October 27, 2008
I'm not a big fan of television soaps, day or night. I watched the first season of 24, but I just don't like being dragged along from cliffhanger to cliffhanger, so I've avoided it since. I generally avoid sneak previews for the same reason.
One exception to the rule is NHK's Asadora or "morning (asa) drama (dorama)," except that watching on satellite in the U.S. means it's on at night. It belongs to the renzoku terebi shousetsu genre, or "ongoing television novel."
An Asadora features a spunky female lead confronting personal, family and romantic conflicts. The story takes place in a distinct setting. Each episode is fifteen minutes long, broadcast Sunday/Monday through Friday/Saturday. New series start in April and October, last six months, and come to a conclusion.
Every week's worth of episodes is a "chapter," and each chapter adds to the narrative arc of the entire series. Subtracting opening and closing credits leaves 75 minutes or so for each chapter in six acts, including the teaser for the next weeks' chapter.
It's fascinating to see the skeleton of a television drama so plainly exposed. You can watch the plot turns coming down Fifth Avenue. But that doesn't detract from the fun. Granted, some stories work better than others and some casts have better chemistry than others.
Conventional romances fare the worst. As Erica Friedman archly observes, "I can clearly remember a J-Drama I watched for weeks and weeks and when the lead male and female finally got together . . . the kiss sucked the romance right out of my house."
That's been true of every Asadora series I've watched. NHK's writers are much better at family dramas with a strong sense of community and tradition (of which Japan has heaps): everybody related to everybody else, with lots of nosey relatives and neighbors.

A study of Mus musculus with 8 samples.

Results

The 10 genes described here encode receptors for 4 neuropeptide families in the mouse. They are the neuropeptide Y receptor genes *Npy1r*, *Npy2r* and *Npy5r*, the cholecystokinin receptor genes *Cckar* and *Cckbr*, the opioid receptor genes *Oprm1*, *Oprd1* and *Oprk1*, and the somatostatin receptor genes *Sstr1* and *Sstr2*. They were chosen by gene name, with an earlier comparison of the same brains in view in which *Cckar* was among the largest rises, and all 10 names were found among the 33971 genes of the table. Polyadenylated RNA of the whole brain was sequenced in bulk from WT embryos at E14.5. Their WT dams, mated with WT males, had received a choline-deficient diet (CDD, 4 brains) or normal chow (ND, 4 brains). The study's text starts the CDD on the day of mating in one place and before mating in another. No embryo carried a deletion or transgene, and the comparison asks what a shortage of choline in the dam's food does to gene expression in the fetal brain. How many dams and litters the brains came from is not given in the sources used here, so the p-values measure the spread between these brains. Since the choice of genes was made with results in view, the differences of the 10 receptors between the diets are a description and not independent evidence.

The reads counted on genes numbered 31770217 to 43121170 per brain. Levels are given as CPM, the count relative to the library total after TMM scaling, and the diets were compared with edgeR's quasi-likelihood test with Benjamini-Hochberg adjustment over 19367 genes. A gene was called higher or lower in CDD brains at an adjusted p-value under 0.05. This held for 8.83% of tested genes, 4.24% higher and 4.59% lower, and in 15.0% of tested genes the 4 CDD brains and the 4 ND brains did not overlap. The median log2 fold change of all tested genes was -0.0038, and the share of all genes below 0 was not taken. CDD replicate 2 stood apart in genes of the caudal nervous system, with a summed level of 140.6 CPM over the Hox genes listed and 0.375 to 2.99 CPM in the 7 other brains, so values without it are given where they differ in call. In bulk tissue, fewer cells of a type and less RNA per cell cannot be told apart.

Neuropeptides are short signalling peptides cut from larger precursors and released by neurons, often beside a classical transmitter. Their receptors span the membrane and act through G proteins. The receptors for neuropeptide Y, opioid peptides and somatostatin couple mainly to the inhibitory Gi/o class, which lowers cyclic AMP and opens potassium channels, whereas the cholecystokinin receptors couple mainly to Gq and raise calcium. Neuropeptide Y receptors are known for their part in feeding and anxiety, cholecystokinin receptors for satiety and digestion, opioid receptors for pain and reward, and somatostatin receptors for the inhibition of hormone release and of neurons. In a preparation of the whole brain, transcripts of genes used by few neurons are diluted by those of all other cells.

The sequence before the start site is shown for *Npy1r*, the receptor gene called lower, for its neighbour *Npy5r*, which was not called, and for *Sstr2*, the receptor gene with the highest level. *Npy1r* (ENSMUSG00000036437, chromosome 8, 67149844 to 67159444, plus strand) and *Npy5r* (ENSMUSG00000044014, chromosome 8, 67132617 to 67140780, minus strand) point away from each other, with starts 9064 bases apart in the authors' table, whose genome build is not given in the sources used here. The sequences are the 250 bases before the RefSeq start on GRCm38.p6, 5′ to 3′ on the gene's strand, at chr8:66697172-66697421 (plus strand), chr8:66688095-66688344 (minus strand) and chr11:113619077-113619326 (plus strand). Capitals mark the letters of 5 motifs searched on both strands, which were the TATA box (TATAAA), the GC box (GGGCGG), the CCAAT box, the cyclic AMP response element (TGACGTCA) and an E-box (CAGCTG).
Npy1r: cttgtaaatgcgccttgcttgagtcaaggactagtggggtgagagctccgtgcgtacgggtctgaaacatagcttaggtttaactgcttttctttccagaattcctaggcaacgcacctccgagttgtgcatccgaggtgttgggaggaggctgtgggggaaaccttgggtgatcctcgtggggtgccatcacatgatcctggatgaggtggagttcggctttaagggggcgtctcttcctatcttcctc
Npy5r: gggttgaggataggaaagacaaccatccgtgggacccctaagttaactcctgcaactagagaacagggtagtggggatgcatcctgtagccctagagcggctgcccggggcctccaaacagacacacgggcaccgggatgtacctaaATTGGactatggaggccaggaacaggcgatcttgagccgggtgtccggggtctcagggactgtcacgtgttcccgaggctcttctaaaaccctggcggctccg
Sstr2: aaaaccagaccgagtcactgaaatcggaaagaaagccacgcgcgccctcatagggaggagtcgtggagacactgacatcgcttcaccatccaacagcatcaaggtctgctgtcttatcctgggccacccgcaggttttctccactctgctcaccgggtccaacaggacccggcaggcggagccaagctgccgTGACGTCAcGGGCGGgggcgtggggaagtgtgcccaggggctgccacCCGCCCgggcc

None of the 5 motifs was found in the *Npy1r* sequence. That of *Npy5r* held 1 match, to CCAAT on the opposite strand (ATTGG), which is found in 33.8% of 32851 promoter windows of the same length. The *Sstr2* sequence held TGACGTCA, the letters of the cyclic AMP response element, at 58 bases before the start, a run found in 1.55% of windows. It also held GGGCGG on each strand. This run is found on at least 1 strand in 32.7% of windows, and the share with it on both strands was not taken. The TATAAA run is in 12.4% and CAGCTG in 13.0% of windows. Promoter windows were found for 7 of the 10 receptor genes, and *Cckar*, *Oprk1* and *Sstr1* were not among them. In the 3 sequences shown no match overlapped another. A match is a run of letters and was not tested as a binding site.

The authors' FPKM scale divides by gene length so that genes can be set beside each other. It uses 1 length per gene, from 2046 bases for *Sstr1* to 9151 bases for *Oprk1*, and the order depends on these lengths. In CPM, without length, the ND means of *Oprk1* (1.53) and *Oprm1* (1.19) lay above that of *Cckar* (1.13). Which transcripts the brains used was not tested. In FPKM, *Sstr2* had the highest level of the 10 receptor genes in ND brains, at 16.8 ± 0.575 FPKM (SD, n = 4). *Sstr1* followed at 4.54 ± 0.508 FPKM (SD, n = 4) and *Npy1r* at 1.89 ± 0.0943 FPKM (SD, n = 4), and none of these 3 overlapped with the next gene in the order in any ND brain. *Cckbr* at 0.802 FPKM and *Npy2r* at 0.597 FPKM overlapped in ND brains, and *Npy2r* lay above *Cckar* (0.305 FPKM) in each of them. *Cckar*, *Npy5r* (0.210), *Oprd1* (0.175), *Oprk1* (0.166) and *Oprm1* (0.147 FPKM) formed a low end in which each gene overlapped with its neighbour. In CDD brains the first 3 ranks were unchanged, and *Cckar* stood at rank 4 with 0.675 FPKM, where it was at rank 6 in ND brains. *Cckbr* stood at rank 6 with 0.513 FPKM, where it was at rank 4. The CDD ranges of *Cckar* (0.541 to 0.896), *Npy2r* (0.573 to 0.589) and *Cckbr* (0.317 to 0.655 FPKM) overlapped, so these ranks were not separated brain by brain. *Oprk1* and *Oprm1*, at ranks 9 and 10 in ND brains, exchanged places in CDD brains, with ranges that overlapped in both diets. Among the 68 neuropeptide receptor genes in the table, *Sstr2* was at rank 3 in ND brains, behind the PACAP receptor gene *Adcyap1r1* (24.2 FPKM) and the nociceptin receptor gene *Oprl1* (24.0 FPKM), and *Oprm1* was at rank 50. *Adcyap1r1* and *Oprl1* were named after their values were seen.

Although romantic subplots were hinted at in Hitomi (2008), the story thankfully never went there. Instead, it focused on the estranged relationship between Hitomi's mother and grandfather, and between her mother and father, who divorced when she was a child.
Hitomi's grandfather is a foster parent. Some of the most interesting episodes were about Japan's foster care system. And both Hitomi and Dan Dan have worked in themes about Japan's aging population (this educational aspect is also common; hey, it's NHK).
As noted above, an Asadora series draws attention to a geographical area. Hitomi takes place in the shitamachi neighborhood of the famous Tsukiji Fish Market, exploring the idiosyncratic lives of the people who work there and the history and customs particular to it.
The most recent series is Dan Dan, starring identical twins Mana and Kana Mikura. It begins with the plot device straight out of The Parent Trap, about twins separated at birth whose paths cross on their eighteen birthday.
The one sister aspires to become a folk-rock singer, the other is a maiko (apprentice geisha). The story takes place in Kyoto and scenic Matsue in western Japan. Watching the twins delve into the mystery of their separation is as entertaining as the best whodunit.
As you can see, the first time Nozomi and Megumi meet, Nozomi is heavily made up, which conveniently hides their similiarities, and Nozomi lies about her birthday just to drag out the suspense a few more episodes.
Up to the point they switch roles, we've only seen Nozomi in a kimono, with her hair done up in the momoware ("split peach") style. So when she changes into Megumi's jeans and T-shirt and literally lets her hair down, you really do lose track of who's who.